The Zimbabwe Electoral Commission began counting ballots from yesterday’s constitutional referendum, with final results expected within five days. The vote is a pre-requisite for presidential elections to proceed in line with an agreement brokered by the 15-nation Southern African Development Community following disputed polls in 2008 that international observers said were marred by violence.
“The yes vote is going to carry the day because the constitution reflects on the values and gains of Zimbabwe since independence,” Charity Manyeruke, a political science lecturer at the University of Zimbabwe, said in a phone interview.
The new constitution restricts the president to two five- year terms and requires a two-thirds vote by members of parliament to approve a state of emergency. It also guarantees Zimbabweans freedom from torture or degrading treatment and bans detention without trial, while security forces are barred from being members of a political party or group.
Mugabe, 89, who’s ruled the southern African nation since independence from the U.K. 33 years ago, isn’t barred from contesting elections as the presidential term limits aren’t retroactive. Western nations and international human-rights groups have accused Mugabe of rigging elections since 2000 and brutalizing his opponents to cling to power.
“We shall not brook with anyone who interferes in our country and those who want to encroach in our country,” Mugabe said yesterday after voting at Mhofu primary school in Highfield, a suburb in the capital, Harare. “We have a right to defend ourselves. We shall not brook with those people who want to steal our country, our natural resources, minerals.”
Mugabe’s Zimbabwe African National Union-Patriotic Front and the Movement for Democratic Change, led by Tsvangirai, 61, have shared power in a coalition government since 2009.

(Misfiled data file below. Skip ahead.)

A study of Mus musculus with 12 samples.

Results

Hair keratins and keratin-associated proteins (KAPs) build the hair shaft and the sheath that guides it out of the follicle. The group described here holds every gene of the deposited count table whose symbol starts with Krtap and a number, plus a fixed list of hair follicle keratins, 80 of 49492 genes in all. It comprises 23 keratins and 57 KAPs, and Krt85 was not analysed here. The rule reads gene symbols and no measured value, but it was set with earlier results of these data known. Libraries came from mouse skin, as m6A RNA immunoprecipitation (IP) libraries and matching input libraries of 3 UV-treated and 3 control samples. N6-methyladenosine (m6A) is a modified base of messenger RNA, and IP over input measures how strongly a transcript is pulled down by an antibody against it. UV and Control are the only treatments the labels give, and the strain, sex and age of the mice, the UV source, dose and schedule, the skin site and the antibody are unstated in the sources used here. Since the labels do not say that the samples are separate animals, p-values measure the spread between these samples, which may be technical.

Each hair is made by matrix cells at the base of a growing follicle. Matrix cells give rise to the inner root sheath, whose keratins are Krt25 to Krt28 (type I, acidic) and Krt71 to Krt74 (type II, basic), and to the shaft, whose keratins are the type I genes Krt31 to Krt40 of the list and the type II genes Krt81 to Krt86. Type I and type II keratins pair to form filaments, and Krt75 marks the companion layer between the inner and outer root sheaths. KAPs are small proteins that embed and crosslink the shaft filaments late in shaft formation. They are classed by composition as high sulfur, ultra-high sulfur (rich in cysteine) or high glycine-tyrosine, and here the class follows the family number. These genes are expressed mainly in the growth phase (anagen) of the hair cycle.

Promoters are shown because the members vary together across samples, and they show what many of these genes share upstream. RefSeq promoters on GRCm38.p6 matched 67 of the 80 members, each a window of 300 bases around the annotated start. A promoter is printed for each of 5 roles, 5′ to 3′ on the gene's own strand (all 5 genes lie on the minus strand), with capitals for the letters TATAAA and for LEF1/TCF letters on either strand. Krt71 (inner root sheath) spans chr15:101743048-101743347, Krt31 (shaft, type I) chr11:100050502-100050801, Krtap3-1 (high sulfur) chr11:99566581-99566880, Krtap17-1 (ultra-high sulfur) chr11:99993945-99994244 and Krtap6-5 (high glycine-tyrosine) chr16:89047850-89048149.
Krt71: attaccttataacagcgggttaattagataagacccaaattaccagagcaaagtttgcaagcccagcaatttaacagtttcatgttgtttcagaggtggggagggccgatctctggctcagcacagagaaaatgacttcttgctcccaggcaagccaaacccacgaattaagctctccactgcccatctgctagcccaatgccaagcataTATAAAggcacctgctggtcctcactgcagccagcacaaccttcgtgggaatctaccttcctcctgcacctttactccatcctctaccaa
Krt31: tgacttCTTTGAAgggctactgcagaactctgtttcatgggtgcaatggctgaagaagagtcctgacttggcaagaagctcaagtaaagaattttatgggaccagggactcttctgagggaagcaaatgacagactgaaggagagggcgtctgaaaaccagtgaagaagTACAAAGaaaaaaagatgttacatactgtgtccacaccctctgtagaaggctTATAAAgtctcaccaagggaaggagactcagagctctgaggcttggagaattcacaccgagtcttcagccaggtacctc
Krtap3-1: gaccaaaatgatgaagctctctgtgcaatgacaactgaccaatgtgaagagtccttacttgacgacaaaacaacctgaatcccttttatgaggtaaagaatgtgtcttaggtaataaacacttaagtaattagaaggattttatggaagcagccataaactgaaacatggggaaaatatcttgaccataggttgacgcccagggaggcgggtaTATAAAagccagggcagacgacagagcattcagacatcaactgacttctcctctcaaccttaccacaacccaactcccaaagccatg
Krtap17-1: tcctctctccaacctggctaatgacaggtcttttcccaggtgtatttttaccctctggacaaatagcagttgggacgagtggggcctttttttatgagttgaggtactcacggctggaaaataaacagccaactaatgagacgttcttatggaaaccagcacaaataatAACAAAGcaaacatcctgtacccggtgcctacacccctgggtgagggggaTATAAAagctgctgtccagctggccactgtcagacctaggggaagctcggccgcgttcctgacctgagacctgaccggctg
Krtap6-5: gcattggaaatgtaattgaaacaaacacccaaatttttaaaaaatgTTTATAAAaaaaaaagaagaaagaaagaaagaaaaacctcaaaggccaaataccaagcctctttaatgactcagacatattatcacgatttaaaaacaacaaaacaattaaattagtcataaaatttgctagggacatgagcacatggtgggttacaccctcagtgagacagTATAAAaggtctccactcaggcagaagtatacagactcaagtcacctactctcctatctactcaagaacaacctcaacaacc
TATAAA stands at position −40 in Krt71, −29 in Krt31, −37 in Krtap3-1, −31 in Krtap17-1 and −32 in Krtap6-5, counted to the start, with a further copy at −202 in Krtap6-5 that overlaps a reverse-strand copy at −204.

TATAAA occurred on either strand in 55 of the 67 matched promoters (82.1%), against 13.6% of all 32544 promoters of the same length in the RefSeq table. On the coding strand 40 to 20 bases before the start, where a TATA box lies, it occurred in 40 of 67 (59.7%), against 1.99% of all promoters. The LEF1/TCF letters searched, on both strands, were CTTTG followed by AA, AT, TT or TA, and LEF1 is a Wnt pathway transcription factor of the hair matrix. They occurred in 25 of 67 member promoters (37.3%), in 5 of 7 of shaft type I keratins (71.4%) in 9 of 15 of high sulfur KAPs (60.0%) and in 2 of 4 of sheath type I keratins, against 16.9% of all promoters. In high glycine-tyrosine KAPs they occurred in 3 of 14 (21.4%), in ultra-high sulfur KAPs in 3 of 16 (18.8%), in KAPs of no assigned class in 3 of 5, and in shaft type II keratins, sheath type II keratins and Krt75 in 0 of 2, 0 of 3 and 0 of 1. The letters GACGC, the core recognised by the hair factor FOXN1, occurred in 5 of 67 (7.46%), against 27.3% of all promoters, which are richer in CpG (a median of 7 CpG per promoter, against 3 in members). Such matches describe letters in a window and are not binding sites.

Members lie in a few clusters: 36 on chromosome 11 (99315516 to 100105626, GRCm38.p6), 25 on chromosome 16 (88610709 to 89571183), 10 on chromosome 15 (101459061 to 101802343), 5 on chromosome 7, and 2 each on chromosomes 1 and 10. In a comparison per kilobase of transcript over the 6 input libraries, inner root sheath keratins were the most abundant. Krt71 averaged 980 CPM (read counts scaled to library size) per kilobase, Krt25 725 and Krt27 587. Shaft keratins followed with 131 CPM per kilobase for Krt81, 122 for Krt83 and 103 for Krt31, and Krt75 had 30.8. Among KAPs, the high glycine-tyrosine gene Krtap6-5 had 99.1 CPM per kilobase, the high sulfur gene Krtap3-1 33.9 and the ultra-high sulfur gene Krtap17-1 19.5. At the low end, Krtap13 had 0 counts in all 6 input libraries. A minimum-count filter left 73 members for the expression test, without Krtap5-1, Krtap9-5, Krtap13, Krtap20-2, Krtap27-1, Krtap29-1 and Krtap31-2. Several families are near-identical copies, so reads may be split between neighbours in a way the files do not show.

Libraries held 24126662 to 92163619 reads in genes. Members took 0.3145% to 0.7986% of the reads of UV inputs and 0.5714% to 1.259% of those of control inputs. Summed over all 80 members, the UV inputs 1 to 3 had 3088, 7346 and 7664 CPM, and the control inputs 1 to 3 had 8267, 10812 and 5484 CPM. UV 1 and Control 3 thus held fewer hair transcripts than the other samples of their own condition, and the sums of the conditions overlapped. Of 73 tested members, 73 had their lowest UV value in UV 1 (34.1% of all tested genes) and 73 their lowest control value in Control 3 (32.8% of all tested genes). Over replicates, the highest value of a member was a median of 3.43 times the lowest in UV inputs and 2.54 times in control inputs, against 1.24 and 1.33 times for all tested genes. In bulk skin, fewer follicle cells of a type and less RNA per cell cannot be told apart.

The National Constitutional Assembly, a pro-democracy group, has urged voters to reject the charter, saying it still concentrates too much power in the presidency. The MDC said there were some instances of violence against its members yesterday, including nine supporters assaulted in Mbare, a township in Harare, for putting up posters.
Mugabe’s program of land seizures from white farmers in 2000 plunged the economy into a decade-long recession, slashing exports of tobacco, once Zimbabwe’s biggest export, and turning the country into an importer of its staple food, corn.
Since then, he has targeted mining companies in a nation that holds the world’s second-biggest platinum and chrome deposits after South Africa and also has reserves of coal, diamonds and gold. The government is forcing Johannesburg-based Impala Platinum Holdings Ltd. (IMP) to cede 51 percent of its unit, Zimplats Holdings Ltd. (ZIM), to the state and black Zimbabweans under an indigenization law passed in 2007.
Provisions on land ownership in the new constitution mean white-run commercial farms won’t be returned to their former owners.
“I voted for a yes to support what is taking place in our country and for the future of our country,” Ngonidzashe Mahove, a 33-year-old security guard, said in an interview yesterday at a voting station in Mbare. “This is a momentous occasion for myself and the future.”